Dynamic programming languages have been around for decades. With LISP (LISt Processing) and Smalltalk as progenitors, today's popular examples include Perl, Python, and Ruby.
Often labeled "open source scripting languages" and regarded as useful mainly for data mining and automated system administration, their well-kept secret is that these highly-productive languages power more mission-critical services than enterprises like to admit. In the Java world, a Java/Python hybrid called Jython has built a cult following among developers who want to manipulate Java APIs with the ease and flexibility of Python.
The .Net world lacks a Jython equivalent. ActiveState's Perl .Net and Zope Corporation's Python for .Net bridge these languages' VMs (virtual machines) to the .Net CLR (Common Language Runtime). But they don't achieve the deep integration that comes from implementing a language directly on the CLR, as Jython implements Python on the JVM.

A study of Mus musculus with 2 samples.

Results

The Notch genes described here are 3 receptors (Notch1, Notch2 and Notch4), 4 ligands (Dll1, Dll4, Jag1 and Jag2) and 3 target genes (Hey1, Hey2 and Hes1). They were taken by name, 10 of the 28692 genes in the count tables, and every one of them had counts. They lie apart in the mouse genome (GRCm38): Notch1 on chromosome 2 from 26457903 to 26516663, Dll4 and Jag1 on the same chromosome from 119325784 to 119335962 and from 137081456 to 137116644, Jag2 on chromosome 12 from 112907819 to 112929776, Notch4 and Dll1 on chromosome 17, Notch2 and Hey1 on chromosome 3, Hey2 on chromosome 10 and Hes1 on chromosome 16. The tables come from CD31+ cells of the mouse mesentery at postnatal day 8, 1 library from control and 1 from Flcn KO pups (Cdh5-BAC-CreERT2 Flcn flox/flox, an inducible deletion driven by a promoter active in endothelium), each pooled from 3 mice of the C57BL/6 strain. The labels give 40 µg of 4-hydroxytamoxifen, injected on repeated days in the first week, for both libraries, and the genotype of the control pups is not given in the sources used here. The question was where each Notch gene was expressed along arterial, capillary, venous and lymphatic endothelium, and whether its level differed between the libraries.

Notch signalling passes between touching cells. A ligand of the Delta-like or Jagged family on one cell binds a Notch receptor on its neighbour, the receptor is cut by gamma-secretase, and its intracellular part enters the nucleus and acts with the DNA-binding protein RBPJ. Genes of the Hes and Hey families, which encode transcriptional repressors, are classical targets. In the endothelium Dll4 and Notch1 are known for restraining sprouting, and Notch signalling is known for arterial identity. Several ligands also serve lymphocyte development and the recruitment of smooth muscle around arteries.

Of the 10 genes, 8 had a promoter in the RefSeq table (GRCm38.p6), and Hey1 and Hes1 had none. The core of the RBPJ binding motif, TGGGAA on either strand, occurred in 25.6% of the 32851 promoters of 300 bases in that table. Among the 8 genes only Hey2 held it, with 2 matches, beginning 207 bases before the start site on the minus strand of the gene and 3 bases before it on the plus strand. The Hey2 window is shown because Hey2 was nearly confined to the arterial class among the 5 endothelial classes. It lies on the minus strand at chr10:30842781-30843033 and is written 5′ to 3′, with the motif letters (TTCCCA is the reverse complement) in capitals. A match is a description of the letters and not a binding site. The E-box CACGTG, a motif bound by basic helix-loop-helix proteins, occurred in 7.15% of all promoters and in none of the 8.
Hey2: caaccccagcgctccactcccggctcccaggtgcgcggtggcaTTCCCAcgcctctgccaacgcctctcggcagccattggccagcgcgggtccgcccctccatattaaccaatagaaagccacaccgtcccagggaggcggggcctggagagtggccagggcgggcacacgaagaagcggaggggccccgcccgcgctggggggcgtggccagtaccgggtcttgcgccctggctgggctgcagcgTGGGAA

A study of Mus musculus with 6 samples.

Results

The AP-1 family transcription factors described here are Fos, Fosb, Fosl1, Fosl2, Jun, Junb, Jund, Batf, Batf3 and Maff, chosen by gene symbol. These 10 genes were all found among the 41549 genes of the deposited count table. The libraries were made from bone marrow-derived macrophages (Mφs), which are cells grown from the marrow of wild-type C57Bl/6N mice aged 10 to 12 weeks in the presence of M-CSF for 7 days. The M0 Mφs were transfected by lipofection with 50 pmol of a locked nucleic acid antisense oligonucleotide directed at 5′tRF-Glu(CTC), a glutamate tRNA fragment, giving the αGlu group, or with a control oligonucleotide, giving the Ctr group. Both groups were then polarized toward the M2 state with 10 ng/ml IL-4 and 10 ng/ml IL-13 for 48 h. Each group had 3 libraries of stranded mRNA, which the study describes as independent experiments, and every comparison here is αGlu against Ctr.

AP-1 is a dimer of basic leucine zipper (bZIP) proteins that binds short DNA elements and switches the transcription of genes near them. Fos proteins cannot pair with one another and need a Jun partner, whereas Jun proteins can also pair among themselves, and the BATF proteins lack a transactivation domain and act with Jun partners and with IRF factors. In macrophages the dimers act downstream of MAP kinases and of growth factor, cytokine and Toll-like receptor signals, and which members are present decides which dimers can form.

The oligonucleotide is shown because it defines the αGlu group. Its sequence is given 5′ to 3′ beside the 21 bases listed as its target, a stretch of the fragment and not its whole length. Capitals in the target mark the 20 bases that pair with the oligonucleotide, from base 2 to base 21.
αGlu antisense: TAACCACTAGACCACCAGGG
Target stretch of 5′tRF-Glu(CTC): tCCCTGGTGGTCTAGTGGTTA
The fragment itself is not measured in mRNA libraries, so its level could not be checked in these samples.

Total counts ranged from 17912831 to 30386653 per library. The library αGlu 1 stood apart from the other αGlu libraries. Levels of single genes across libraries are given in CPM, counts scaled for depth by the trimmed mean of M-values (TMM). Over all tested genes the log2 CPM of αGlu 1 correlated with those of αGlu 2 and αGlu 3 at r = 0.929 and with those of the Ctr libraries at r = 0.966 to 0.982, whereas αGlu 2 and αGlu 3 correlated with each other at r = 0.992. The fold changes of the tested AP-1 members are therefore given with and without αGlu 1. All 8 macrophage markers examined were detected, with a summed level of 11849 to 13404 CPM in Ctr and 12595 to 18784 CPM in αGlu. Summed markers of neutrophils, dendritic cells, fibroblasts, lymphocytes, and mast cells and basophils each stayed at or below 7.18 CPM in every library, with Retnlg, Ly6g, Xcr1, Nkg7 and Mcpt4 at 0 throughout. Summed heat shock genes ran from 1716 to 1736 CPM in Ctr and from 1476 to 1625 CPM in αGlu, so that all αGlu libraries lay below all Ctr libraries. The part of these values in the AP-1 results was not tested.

Despite lots of second-guessing, there's no consensus that the CLR is inherently unfriendly to dynamic languages. The JVM doesn't bend over backwards for such languages either, and yet Jython is a great success thanks to the heroic efforts of its inventor, Jim Hugunin. Now Hugunin has turned his attention to .Net, and reports promising results with a prototype Python implementation for .Net called IronPython.
Such projects always seem to spring from an inspired individual or small team. In fact, Microsoft Corp. has such a team. It created JScript .Net, the most dynamic of Microsoft's .Net languages. But JScript .Net is the unloved stepsister of C# and Virtual Basic .Net.
Dynamic languages are rooted in a culture that is simply not indigenous to Redmond. That may change, but for the time being, the future of dynamic languages in .Net lies with non-Microsoft innovators.